Card Sharp

UPDATED 11/06/2000 at 01:00 AM EST Originally published 11/06/2000 at 01:00 AM EST

These days, any hack with a Polaroid can snap a photo of Big Ben, scrawl "Wish you were here" on the back, and voila, instant postcard. Faster still: upload the picture into e-mail and click "send." But time was when correspondence involved grace, to which former stage actor John High can attest.

High, 79, owns more than 5,000 woven-silk postcards from the early 1900s, the world's largest collection of the exquisite, hand-detailed works of art. "They're charming," he says. "I like the delicacy and the intricate work." And he wants to share it: Last December, High donated 2,500 postcards and silk-woven pictures to the Lake County Discovery Museum near Wauconda, Ill., and bequeathed the remainder of his collection of silk art, postcards and bookmarks—worth nearly $1 million—to the museum in his will. "I felt that they should be seen," he says.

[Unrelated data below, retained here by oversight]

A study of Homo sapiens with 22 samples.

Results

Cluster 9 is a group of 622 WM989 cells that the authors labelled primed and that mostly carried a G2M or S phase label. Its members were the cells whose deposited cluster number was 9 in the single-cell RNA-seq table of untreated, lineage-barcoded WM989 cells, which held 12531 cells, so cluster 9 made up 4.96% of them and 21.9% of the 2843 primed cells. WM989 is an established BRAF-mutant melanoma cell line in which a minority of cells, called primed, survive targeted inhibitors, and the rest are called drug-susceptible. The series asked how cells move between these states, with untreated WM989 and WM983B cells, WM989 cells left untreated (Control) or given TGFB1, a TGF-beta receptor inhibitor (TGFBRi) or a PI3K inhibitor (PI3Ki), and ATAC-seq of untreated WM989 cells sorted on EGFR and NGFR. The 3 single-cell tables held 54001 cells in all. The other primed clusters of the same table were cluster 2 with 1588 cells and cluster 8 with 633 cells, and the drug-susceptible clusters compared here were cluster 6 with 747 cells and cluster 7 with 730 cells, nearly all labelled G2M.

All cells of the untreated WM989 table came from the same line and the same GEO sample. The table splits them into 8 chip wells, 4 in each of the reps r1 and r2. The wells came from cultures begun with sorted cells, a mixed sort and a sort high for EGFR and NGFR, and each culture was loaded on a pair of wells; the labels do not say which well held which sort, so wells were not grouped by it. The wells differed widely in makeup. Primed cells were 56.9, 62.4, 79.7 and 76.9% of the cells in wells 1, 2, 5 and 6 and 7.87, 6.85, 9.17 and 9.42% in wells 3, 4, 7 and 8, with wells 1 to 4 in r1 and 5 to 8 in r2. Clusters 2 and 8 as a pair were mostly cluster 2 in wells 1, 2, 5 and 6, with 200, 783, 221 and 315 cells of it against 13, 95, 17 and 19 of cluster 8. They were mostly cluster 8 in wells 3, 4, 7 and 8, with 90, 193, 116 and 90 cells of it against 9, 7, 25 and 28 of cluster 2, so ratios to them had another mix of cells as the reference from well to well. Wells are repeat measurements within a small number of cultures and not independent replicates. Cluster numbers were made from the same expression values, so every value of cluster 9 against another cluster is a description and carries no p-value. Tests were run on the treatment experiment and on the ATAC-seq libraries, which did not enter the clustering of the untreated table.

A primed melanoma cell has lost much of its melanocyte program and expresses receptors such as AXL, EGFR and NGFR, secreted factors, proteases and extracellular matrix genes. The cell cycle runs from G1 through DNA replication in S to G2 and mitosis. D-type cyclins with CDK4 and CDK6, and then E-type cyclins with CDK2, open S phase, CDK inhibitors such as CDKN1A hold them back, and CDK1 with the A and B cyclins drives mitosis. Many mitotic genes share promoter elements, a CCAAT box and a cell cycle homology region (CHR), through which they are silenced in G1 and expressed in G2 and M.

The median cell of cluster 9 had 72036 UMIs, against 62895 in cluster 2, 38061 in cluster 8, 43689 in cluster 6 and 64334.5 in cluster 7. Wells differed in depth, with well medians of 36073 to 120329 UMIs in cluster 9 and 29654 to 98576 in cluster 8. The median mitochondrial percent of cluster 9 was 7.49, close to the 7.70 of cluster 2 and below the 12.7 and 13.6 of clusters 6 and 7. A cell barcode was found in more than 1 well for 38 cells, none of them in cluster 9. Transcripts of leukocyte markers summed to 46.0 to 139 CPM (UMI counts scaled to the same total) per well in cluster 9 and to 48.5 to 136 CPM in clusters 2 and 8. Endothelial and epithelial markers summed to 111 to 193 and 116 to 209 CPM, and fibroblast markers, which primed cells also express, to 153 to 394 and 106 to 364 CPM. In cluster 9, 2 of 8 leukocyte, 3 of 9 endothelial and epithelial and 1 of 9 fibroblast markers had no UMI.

The Boston-born thespian—who performed with the likes of Yul Bryn-ner and Mary Martin in the '40s—traces his obsession to a 1971 rural Pennsylvania fair, where he bought five pictures by 19th-century English silk weaver Thomas Stevens. He soon learned that Stevens also produced postcards—so he began collecting, storing his cache in his two-bedroom Manhattan apartment. Among his favorites: a scene of England's Crystal Palace. He sometimes bids for cards on the Internet—through a friend—but don't expect him to resort to e-mail. "Everybody is trying to get me to buy a computer," he says, gesturing at the clutter of cards. "But where am I going to put it?"